For Samba 4.10, the behaviour of the paged results control (1.2.840.113518.104.22.1689, RFC2696) has been changed to more closely match Windows servers, to improve memory usage. Paged results may be used internally (or is requested by the user) by LDAP libraries or tools that deal with large result sizes, for example, when listing all the objects in the database.
Previously, results were returned as a snapshot of the database but now, some changes made to the set of results while paging may be reflected in the responses. If strict inter-record consistency is required in answers (which is not possible on Windows with large result sets), consider avoiding the paged results control or alternatively, it might be possible to enforce restrictions using the LDAP filter expression.
- 1 Previous behaviour
- 2 New behaviour
- 3 Real world example
- 4 Quirks and oddities (also in Windows)
- 5 Independent issues
Paging works by splitting the result set into pages of a certain size, specified in the control. As long as there is a new page, a cookie is returned to the client and the client must provide the cookie in order to continue to search.
Prior to Samba 4.10, the very first search providing a paged results control controlled what
RFC2696 does not specify how an implementation should behave in the case of simultaneous modification. Before Samba 4.10, results were temporarily saved in memory and were fed back the client as required.
Real world example
Although the consistency has been changed, realistically most clients will not see any impact. Paged results normally cause a stream of requests to happen in rapid succession, leaving little time to modify the database in between. Besides full searches, attributes of interest should not be changed all that frequently to begin with and smaller sets of results are not broken across pages either.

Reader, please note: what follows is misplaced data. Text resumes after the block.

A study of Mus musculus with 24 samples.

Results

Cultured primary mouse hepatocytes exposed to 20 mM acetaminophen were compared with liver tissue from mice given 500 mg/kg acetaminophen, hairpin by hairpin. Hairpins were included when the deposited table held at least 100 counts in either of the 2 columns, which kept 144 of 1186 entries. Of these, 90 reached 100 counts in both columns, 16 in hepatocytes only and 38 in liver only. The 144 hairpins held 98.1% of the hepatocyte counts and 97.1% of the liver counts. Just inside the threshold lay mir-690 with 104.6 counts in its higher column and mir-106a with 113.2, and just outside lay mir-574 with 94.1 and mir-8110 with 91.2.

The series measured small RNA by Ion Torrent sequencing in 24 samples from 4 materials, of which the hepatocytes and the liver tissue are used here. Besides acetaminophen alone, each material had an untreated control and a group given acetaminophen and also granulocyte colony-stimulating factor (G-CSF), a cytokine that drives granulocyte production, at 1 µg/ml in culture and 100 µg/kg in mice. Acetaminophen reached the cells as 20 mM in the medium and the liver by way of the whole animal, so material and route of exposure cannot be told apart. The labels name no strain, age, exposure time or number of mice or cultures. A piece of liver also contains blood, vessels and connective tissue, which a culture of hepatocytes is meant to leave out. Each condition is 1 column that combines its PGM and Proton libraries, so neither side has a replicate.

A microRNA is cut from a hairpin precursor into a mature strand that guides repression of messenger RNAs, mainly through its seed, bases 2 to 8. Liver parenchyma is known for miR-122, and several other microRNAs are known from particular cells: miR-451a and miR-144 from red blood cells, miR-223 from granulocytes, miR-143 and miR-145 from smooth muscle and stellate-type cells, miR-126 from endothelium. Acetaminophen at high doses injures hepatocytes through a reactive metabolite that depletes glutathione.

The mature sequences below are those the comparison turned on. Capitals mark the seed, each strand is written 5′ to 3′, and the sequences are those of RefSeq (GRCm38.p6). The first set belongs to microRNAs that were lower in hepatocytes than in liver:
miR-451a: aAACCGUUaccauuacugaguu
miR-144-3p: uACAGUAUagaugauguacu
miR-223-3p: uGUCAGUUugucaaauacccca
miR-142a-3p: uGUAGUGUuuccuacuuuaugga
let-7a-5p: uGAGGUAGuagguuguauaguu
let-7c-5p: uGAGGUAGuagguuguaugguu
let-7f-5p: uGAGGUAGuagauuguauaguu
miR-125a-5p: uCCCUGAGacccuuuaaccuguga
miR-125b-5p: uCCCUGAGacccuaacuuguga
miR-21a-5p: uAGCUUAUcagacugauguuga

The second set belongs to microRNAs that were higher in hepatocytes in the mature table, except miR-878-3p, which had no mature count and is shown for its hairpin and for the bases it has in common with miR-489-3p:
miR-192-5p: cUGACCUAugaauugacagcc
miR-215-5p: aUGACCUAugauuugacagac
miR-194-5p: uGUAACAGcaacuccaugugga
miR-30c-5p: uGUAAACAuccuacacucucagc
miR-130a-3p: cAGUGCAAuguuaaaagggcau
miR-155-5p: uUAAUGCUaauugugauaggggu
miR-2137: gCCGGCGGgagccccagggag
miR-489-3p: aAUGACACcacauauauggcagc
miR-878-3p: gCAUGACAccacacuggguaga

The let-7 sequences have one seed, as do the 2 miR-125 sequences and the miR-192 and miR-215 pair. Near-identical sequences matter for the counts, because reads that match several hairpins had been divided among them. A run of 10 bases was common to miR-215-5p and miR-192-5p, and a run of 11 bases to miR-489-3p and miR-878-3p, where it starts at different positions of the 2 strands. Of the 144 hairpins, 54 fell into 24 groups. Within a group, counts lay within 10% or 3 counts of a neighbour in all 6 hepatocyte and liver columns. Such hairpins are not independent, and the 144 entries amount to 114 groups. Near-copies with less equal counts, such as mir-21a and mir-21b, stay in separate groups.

There are not that many ways to correlate data across the directory by default, and maintaining this data is quite difficult because of the lack of transactions over LDAP and the requirement for clients to perform constrained LDAP modification consistently in every case. One obvious example of data which refers to multiple records is a linked attribute relationship, like member. Performing paged results while updating group memberships may produce stale memberships (which would have also been the case before 4.10), a mix of old and newer relationships, but also you might find a mismatch in member and memberOf links (and relationships to objects which may not be returned during a paged search because they were removed). Without paging enabled, a single search which returns all the groups and users will have a consistent pairing of member and memberOf. With paging enabled, this consistency might be lost due to concurrent changes. Tools that use paging should be aware of a potentially changing LDAP database underneath.
Quirks and oddities (also in Windows)
Moving an object in the result list
Renaming an object or moving an object to another OU for instance, returns the object with a DN which may not match the original DN subtree scoping. This is a behaviour shared with Windows (and likely their virtual-list-view implementation as well). Modification of an object to no longer match the filter expression is forbidden however.
Modification of controls and controls data
Before Samba 4.10, because only the first search did any work, any subsequent controls and changes to the expression of attribute lists were
Modification of the filter expression
In Samba 4.10,
Modification of the attribute list
Excessive modification of the database
This behaviour only happens under Windows, as Windows appears to rely on some form of underlying database index to implement paged results. If you delete too much, these indexes appear to cause the search to fail with a variety of errors (LDAP_UNAVAILABLE_CRITICAL_EXTENSION, LDAP_OPERATIONS_ERROR).
Modifications sometimes can cause the search to be retriggered and presumably the underlying indexes to be rebuilt.
Differences in behaviour with the sort control
External race conditions
Without using LDAP constrained modifications to ensure no one else has changed a particular value, it is quite easy to introduce a race condition.